Read: 11678 Comments: 2 Rating: 10

Thursday, June 22, 2017

Office employees are favourite targets for scammers. Indeed, bombarded daily by so much email, they may have a hard time recognising fraudulent messages. But this doesn't imply that attackers aren't interested in other employee categories. Let's take a look at a scam message for system administrators:


Since we really do offer our customers the Internet service Dr.Web AV-Desk, it is quite possible that an email with a domain with a similar name could appear in one of our mailboxes, describing some sort of problem.

But let's take a closer look. The email is addressed to the marketing department. What does that have to do with matters of site ownership? And instead of requesting a document from us that would confirm our right of ownership, we are prompted to create a file. The file’s contents aside, if we have indeed hijacked the site, we will easily create the requested file.

As usual, scammers expect panic and turmoil—the deadline is set to three days and not a minute longer. By the way, the message was received on June 2, so all the required steps were to be performed within just one day.

Now let's do a web search to check the phone numbers. It appears that none of them is used by any site registration agency.

It should also be noted that messages of this kind have been circulating across the Web for some time. The trick is that the sender address is valid. And criminals expect that the users they target will have added a backdoor into the code of their site. If a site file containing assert is opened, the code transmitted with the parameters will be executed.

I checked the address and it turned out that the message was indeed from a registration agency. So I went to do what was being required of me. It took me about ten minutes to create the file and make it available on the website. I was in a hurry to reply to the registration authority—after all, I could lose the domain name. So I pressed Reply to report that the task had been completed and the file was available on my site. Then I sent the message.

Do you think that right then and there I realised that the email was sent by a crook? I did say that I checked the email and it was sent by a registration agency, so I was following the standard routine. And then I received a reply.

We didn't reply to this message. Unfortunately, some people do otherwise.

The task is easy: create a directory containing a file and add one string into the file.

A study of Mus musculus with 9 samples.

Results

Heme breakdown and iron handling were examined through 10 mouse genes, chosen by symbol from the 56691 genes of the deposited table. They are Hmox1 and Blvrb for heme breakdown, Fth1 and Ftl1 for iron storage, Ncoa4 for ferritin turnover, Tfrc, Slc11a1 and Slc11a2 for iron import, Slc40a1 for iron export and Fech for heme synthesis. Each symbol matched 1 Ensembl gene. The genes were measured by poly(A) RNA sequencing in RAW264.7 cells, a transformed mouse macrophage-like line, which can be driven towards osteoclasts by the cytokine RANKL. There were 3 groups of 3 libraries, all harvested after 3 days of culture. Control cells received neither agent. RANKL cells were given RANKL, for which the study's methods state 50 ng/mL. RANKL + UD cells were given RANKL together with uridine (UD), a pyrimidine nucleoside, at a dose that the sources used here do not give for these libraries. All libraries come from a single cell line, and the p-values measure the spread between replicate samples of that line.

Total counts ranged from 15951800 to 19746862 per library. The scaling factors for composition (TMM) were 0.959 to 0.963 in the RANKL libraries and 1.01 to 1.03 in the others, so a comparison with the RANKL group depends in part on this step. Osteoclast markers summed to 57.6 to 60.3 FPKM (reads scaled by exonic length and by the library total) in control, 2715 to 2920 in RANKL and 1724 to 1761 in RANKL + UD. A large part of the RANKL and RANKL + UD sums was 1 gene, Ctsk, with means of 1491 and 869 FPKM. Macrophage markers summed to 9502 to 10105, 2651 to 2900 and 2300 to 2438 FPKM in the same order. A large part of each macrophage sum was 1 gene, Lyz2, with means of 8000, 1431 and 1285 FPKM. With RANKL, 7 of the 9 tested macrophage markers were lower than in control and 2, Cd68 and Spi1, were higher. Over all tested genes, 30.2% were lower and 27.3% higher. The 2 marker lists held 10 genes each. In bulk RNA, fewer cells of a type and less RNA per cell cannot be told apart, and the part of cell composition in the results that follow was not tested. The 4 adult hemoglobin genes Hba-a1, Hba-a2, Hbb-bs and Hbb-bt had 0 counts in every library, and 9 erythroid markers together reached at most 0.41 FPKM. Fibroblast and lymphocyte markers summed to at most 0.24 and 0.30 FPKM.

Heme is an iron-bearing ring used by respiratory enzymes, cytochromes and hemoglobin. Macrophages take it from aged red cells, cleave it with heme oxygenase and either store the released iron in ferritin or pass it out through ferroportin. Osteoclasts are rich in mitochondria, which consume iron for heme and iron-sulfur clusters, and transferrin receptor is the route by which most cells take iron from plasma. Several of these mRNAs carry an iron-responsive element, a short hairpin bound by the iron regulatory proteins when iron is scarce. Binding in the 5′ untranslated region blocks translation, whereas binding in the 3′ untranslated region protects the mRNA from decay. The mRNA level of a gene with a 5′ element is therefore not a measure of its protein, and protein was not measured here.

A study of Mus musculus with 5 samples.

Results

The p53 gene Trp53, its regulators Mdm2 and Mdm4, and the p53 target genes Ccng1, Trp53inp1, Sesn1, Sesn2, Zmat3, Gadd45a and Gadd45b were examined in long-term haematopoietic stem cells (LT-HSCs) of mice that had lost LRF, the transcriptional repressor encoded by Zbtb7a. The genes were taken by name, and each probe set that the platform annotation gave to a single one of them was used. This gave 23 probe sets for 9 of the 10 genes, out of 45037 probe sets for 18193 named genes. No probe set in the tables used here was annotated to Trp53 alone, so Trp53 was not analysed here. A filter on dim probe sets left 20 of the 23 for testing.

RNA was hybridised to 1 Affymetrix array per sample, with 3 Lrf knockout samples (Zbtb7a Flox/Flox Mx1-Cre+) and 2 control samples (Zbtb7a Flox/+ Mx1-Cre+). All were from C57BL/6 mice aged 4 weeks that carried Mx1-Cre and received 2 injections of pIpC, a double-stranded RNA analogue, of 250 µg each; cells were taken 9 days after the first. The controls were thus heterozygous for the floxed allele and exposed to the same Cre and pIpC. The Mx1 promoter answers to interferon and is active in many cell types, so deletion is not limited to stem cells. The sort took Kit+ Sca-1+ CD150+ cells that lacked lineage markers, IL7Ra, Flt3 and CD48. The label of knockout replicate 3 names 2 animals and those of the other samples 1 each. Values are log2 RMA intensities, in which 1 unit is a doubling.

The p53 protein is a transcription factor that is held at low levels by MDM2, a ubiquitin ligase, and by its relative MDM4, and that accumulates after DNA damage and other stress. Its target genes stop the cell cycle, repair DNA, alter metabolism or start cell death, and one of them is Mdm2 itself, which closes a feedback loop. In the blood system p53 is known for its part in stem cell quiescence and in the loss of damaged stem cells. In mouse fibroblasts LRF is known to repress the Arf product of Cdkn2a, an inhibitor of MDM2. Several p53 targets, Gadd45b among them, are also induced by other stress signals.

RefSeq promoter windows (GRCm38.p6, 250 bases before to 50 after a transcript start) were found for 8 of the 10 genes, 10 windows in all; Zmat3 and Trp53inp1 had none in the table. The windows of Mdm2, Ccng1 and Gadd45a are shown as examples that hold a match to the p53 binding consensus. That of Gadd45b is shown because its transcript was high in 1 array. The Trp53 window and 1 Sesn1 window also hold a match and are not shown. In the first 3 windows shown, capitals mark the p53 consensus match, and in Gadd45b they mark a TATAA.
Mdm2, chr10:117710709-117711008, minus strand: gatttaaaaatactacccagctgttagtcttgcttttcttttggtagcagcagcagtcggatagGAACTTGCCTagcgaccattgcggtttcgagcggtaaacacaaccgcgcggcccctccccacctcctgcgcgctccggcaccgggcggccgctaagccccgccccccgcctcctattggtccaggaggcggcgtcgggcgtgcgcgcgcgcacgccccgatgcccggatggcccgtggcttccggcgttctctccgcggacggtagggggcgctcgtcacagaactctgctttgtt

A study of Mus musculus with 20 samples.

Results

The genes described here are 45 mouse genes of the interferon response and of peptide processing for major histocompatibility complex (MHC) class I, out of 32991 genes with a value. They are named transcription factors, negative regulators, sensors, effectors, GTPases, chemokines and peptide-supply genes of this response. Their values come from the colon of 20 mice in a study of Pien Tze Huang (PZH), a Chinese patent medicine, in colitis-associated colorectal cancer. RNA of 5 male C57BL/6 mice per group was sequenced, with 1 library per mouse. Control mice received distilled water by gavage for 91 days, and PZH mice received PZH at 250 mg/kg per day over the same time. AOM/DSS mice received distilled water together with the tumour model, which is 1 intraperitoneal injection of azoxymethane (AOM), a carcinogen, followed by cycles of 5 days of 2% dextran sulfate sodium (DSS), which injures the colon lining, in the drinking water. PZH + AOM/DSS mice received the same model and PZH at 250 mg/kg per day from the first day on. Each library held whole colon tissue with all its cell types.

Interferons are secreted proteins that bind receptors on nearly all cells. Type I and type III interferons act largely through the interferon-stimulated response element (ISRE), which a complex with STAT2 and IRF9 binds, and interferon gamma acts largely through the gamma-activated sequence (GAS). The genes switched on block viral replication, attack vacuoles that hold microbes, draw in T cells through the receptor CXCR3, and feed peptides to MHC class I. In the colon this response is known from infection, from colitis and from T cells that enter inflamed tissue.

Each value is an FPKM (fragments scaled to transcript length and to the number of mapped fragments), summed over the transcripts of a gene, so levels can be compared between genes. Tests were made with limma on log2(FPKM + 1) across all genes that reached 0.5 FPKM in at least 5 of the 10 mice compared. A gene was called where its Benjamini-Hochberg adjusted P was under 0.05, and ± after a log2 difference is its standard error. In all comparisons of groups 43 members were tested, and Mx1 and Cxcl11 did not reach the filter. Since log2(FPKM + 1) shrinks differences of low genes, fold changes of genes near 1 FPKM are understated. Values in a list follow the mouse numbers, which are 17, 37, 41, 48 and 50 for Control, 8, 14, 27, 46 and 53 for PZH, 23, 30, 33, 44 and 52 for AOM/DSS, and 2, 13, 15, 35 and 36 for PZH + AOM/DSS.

The trick is in asking users to create a file containing seemingly harmless PHP code. However, if one reads the description of the assert function, they will realise that it will enable perpetrators to execute the code they need.

So I deleted the file from my site.

After that I received a reply to the message I had sent in response to the email that instructed me to host a file on my site.


Dear Sir,

The original message you received was sent to you by fraudsters and has nothing to do with R01.

It is not recommended that you deploy the specified code because it will enable attackers to freely alter the contents of your website. If, however, you have deployed the code, we recommend that you scan your site for malware and/or restore it to its original state prior to deploying from a backup.

Best regards,

There are other phishing tricks geared toward system administrators.

We hereby notify you that our researchers have discovered a critical vulnerability in your website. A flaw in the data-filtering routines can enable attackers to gain access to your site's database.

We hereby notify you that our researchers have discovered a critical vulnerability in your website. A flaw in the data-filtering routines can enable attackers to gain access to your site's database.

To close the vulnerability, in a text editor open the file: /engine/engine.php, and at the very top after the line:




#phishing #social_engineering #corporate_security

The Anti-virus Times recommends

Don't switch off your brain when you read emails. You can filter out most phishing emails by using simple logic and checking whether they meet various formal criteria: valid sender address, appropriate salutation, and signature with contact information. Otherwise, you can send money to criminals or (as in this case) roll out a red carpet for them with your own hands.

And, of course, do not forget to use an anti-spam filter, which will protect you from unsolicited emails, scams, and encryption ransomware.